Housing project seeks to reclaim units lost in May fire

LEWISTON — A proposed downtown project would resurrect 30 housing units lost in a May 3 fire that burned four apartment buildings and left dozens homeless.

Volunteers of America hopes to build a housing development on lots at 110 and 114 Pierce St. and 145 and 149 Bartlett St. The buildings there were part of a complex called Pierce Plaza.

The project would use low-income housing tax credits to help pay for the work, said Julia Wilcock, vice president of business development for Volunteers of America Northern New England.

"We are particularly interested in working with the people who were living in the project that burned," she said. "We want to work with the people who were displaced, that would be our primary preference. If there were units left over after we met that demand, it would be open."

Wilcock and other representatives from the organization will present the plan Monday night to the Planning Board and Tuesday night to the City Council for a workshop. Monday's meeting begins at 5:30 p.m. in City Hall; Tuesday's begins at 6 p.m. in City Hall.

A joint development agreement could come before the City Council on Tuesday, Sept. 17, for a vote.

Wilcock said the project could be ready for tenants by 2015. Because it would use low-income housing credits, the project would take that long to work its way through the process. That's why the group is pushing to make a Sept. 26 filing deadline.

"The deadline is once a year, so we are running the gauntlet now, trying to get this ready," Wilcock said. "It can take 16 to 18 months to work through the tax-credit process. If we wait another year, then it will be three to four years before we're able to do anything at that site, and things can get forgotten. We don't want that to happen."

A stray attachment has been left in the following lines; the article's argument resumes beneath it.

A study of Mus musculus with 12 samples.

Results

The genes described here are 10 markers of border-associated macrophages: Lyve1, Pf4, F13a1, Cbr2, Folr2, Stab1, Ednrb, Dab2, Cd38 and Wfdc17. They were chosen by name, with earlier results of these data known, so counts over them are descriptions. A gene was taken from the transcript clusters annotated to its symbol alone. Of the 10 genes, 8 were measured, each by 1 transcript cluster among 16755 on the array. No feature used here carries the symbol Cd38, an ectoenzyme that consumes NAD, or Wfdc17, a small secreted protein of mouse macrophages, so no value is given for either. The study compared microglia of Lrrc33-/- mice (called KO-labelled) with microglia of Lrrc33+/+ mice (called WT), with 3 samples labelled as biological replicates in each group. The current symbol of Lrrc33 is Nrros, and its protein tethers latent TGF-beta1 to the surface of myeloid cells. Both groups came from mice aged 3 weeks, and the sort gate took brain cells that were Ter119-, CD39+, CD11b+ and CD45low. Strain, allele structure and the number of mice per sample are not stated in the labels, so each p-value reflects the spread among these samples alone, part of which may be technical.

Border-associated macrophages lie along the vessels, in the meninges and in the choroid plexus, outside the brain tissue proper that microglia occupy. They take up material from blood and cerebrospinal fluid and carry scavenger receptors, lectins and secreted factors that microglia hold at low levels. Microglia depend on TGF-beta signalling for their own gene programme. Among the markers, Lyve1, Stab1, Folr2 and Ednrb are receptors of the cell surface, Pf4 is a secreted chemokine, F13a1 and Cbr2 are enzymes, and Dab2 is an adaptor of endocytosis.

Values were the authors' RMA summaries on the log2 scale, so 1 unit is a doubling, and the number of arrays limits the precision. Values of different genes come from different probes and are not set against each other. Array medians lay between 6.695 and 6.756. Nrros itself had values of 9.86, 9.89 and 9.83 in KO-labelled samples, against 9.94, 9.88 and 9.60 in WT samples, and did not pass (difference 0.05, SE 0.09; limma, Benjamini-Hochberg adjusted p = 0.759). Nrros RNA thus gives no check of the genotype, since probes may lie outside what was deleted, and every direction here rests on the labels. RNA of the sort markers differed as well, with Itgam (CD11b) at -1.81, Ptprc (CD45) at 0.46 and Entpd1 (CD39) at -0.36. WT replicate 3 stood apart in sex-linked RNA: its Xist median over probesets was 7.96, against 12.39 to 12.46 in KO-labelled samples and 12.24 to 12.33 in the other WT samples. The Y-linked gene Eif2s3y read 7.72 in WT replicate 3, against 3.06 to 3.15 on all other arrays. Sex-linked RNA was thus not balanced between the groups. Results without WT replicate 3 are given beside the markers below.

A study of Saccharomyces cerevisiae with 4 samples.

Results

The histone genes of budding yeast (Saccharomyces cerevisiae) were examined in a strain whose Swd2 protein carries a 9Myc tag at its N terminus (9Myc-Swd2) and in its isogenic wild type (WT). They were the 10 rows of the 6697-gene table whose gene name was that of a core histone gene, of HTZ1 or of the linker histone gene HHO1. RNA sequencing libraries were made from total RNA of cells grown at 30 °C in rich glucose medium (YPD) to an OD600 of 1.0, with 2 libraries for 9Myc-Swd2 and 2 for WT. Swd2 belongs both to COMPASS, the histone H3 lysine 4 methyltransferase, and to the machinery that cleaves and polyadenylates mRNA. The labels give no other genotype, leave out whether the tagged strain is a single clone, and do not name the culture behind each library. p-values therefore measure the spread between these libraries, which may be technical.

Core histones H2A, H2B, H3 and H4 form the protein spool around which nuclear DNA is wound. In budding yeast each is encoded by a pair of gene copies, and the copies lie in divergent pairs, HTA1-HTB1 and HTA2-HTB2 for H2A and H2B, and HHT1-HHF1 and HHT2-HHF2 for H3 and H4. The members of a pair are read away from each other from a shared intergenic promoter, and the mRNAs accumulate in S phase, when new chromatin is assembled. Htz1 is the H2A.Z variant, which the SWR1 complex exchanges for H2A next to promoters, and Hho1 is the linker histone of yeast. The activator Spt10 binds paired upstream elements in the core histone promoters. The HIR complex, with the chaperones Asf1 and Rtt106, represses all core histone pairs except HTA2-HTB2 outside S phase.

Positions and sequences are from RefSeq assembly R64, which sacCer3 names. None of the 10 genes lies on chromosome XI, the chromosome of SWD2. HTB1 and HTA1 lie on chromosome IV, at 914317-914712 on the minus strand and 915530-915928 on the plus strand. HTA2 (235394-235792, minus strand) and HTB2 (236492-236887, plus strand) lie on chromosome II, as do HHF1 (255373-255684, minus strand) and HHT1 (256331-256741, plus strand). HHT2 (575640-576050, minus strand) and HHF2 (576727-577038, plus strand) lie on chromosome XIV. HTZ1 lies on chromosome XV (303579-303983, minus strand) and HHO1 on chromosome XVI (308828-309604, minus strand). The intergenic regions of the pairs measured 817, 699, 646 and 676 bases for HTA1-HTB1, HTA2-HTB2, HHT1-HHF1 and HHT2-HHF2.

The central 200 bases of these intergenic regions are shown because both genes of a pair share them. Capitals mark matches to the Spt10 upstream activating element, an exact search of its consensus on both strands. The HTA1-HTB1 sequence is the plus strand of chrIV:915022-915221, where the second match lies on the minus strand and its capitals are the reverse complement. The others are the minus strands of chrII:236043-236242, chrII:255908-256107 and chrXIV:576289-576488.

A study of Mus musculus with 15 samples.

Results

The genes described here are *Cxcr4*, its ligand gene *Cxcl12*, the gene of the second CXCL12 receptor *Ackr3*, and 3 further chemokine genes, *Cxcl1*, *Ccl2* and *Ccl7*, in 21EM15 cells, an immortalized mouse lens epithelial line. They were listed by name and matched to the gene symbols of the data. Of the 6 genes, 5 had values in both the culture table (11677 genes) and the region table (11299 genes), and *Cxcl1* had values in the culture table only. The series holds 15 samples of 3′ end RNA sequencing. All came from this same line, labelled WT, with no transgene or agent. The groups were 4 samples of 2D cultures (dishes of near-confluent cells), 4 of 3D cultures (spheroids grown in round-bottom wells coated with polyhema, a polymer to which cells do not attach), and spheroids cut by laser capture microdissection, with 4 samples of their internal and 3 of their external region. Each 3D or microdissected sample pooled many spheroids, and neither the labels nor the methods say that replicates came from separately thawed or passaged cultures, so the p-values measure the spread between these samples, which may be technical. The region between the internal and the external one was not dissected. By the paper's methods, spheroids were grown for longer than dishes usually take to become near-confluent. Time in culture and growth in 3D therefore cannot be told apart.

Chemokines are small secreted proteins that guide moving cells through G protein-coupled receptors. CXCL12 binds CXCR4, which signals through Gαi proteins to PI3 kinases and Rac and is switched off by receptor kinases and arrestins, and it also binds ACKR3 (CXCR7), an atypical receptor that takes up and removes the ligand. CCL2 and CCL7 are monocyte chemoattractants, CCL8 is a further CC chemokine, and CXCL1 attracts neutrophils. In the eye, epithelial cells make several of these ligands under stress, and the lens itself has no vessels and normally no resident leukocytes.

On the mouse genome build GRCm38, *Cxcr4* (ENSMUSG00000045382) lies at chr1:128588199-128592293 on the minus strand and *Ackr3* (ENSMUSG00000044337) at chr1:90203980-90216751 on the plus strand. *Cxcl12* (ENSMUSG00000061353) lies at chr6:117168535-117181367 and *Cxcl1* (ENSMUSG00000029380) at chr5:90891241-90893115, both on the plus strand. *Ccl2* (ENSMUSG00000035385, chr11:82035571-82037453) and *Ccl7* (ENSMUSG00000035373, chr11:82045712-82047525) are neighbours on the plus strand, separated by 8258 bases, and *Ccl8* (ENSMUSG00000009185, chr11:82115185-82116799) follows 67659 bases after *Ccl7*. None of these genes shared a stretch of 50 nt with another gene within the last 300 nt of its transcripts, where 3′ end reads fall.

Wilcock said the project would have 30 housing units — 14 two-bedroom units, 11 three-bedroom and five four-bedroom. One unit would be set aside for an on-site property manager. The rest would be available to Section 8 voucher recipients.

Wilcock said the group was still working on designs. It had not decided whether the units would be built in a single building with a large, on-site park and a parking area or two adjacent units with a smaller park and parking area.

"But we will have elevations in time for Monday's meeting," she said. "We are working like crazy. Like I said, we really are running the gauntlet now."

The May 3 fire started in a garage behind 149 Bartlett St. and spread to four apartment buildings on Bartlett and Pierce streets that housed a total of 31 rental units. The fire was ruled an arson. A now-13-year-old city boy was charged.

The value of the buildings totaled more than $1 million. They were demolished after authorities completed their investigation. No injuries were reported.



Build It And They Will Come

Yet another HUD project, quietly arranged over the last few weeks by city staff and a Washington DC based "non-profit" will be dangled before the City of Lewiston Planning board at 5:30pm Monday. Lewiston does not need more HUD funded welfare tenements. Lewiston does not need more FED strings to bind it. Lewiston does not need to replace old blight with new blight.

The idea being proposed is also under strict deadlines for approval and will be pushed hard. Planning Board members will be pressured to vote "yes" under the idea that it is now or never. City Councilors will be pressed to vote yes because it is "now or never".

To quote the project spokesperson: "It can take 16 to 18 months to work through the tax-credit process. If we wait another year, then it will be three to four years before we're able to do anything at that site, and things can get forgotten. We don't want that to happen."

Newsflash: From all the feedback I have received over the last 6-8 weeks, it seems most taxpayers in Lewiston don't want this project to happen. And rightly so.

Does Lewiston need more low income housing, funded by federal dollars, developed and built by out-of-state contractors, and costing every US taxpayer real dollars. One theme always resounds with HUD projects; no sane developer would ever touch the projects if not for the costs being covered by FED grants. One of the many problems with HUD "free money" projects is they are not free. Sometimes "never" is the right thing to do.

The old adage "Build it and they will come" is very true. If the City of Lewiston continues to fill its empty spaces with HUD funded Welfare Housing, our city will continue to sink into the self-imposed quicksand of all such sanctuary cities. NO more HUD projects.

Gail Labelle's picture

No More Housing Projects

No more housing projects, build businesses instead or community parks and gardens. Lewiston does not need anymore housing projects we have enough! If you have to build then build Senior housing, this is where the need is.

Claudette Therriault's picture

Have you tried to find low

Have you tried to find low income housing since the fires?